It’s going to go one of two ways for the Giants offensive line Sunday in Houston — and only one of those ways is acceptable.
The Giants’ 2018 season, through only two games (both losses), is on the brink in large part because their revamped line has looked broken.
And now this: A hungry Texans team playing its home opener after losing its first two games by a total of 10 points featuring a healthy and rejuvenated defensive end J.J. Watt staring across the line of scrimmage from the Giants’ embattled starting five.
On paper, it doesn’t look like a very favorable matchup for the Giants offensive line. But then, the way the line has played in the first two games, what does look like a good matchup? Rutgers?
Criticism of the offensive line outside of the Giants locker room has been so rampant it’s impossible for even the most tuned-out players not to have noticed.
“I’m used to it,’’ embattled Giants right tackle Ereck Flowers told The Post. “For me, I’ve been through it all so at this point it really doesn’t bother me. Maybe it bothers some people more than others. I don’t think guys on this line are bothered by it. We’re working hard. Everyone wants to get better and be great.’’
John Greco, who’ll start his first game for the Giants at center on Sunday replacing the injured Jon Halapio, understands the caldron he’s entering.
“You hear it,’’ Greco said of the outside criticism. “But even if you didn’t hear it, it’s obvious: We know what we have to fix. Whether you’re on the end of it that we’re on right now or if you’re on the positive end of it, you have to try to block out the noise and fix everything internally. That’s what we’re doing.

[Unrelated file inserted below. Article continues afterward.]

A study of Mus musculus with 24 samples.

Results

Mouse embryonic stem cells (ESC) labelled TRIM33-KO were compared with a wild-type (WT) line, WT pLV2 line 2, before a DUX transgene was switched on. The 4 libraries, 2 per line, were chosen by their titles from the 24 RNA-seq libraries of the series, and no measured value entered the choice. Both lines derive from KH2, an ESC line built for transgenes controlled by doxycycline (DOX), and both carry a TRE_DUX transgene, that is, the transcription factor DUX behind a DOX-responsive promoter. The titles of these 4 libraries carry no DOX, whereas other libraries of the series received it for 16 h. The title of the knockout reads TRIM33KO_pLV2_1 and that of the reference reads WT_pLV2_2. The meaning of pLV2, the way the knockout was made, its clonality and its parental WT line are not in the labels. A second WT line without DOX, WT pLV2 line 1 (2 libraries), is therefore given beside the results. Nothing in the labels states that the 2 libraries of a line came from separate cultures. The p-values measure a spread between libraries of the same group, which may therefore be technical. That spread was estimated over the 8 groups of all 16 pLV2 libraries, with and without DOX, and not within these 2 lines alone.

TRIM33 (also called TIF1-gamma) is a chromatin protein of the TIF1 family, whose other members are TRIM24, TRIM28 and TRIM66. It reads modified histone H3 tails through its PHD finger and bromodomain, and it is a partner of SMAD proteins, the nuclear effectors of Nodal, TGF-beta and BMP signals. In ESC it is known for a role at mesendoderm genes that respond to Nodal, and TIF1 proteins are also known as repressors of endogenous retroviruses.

“We’re handling everything as a group and we’re doing everything we can to come out on the other side.’’
Coming out “on the other side’’ is the Giants’ only option Sunday. Teams that start 0-3 in the NFL don’t usually make the playoffs.
So this starts up-front, where the Giants spent the offseason giving free-agent left tackle Nate Solder $34.8 million guaranteed and drafting guard Will Hernandez in the second round.
“OK, this is the important thing: There are things that we screwed up and there are things that we need to improve on,’’ Solder said Thursday. “That’s what we need to focus on. If you get caught up on what everyone’s saying about you that’s going to distract you from the goal.’’
In the days leading up to the Cowboys-Giants game last week, Dallas pass rusher DeMarcus Lawrence spoke openly about how he was salivating to stand over Flowers, who’s become a fan punching bag for all that ails the team.
“Don’t get me started,’’ Lawrence told reporters with a knowing smile. “Just looking forward to the matchup.’’
After the Cowboys sacked quarterback Eli Manning six times (one credited as allowed by Flowers and two by Solder) in their 20-13 win that wasn’t nearly as competitive as the final score indicated, now we know why Lawrence sounded like he was jumping out of his skin looking forward to the matchup.
Manning was sacked a total of 31 times in 2017. He’s been sacked eight times in two games this season, which puts him on a pace to be sacked a body-aching 48 times this season.
That’s not winning football. It’s season-wrecking football.
Enter Watt, whose last two seasons have been ruined by devastating injuries, limiting him to just 10 games dating to the 2015 season. In the four seasons before the injuries, Watt produced 69 sacks and 15 forced fumbles from 2012-2015.
Now he’s healthy again. That means everyone on the Giants line must beware of Watt blowing up the game, because the Texans move him all around and he sometimes freelances.
“They have a lot of flexibility in things in their scheme so you’ll see him all over the place,’’ Solder said. “He’s really smart, he plays hard, understands offenses, understands how to defeat you, understands how to set you up.’’
Said Greco: “Everyone’s going to see him at some point … because even though he might not be lined up across from you he’s going to be moving and they’re going to be twisting. He’s savvy, he’s instinctive, he sees an open gap he’s going to take it. You’ve got to be ready.’’
Giants head coach Pat Shurmur on Thursday was asked what his confidence level is in his offensive line.
“It’s good,’’ he said. “Very confident.’’
We’ll know by day’s end Sunday whether that confidence was warranted or if Shurmur was just another hopeful head coach whistling past a graveyard.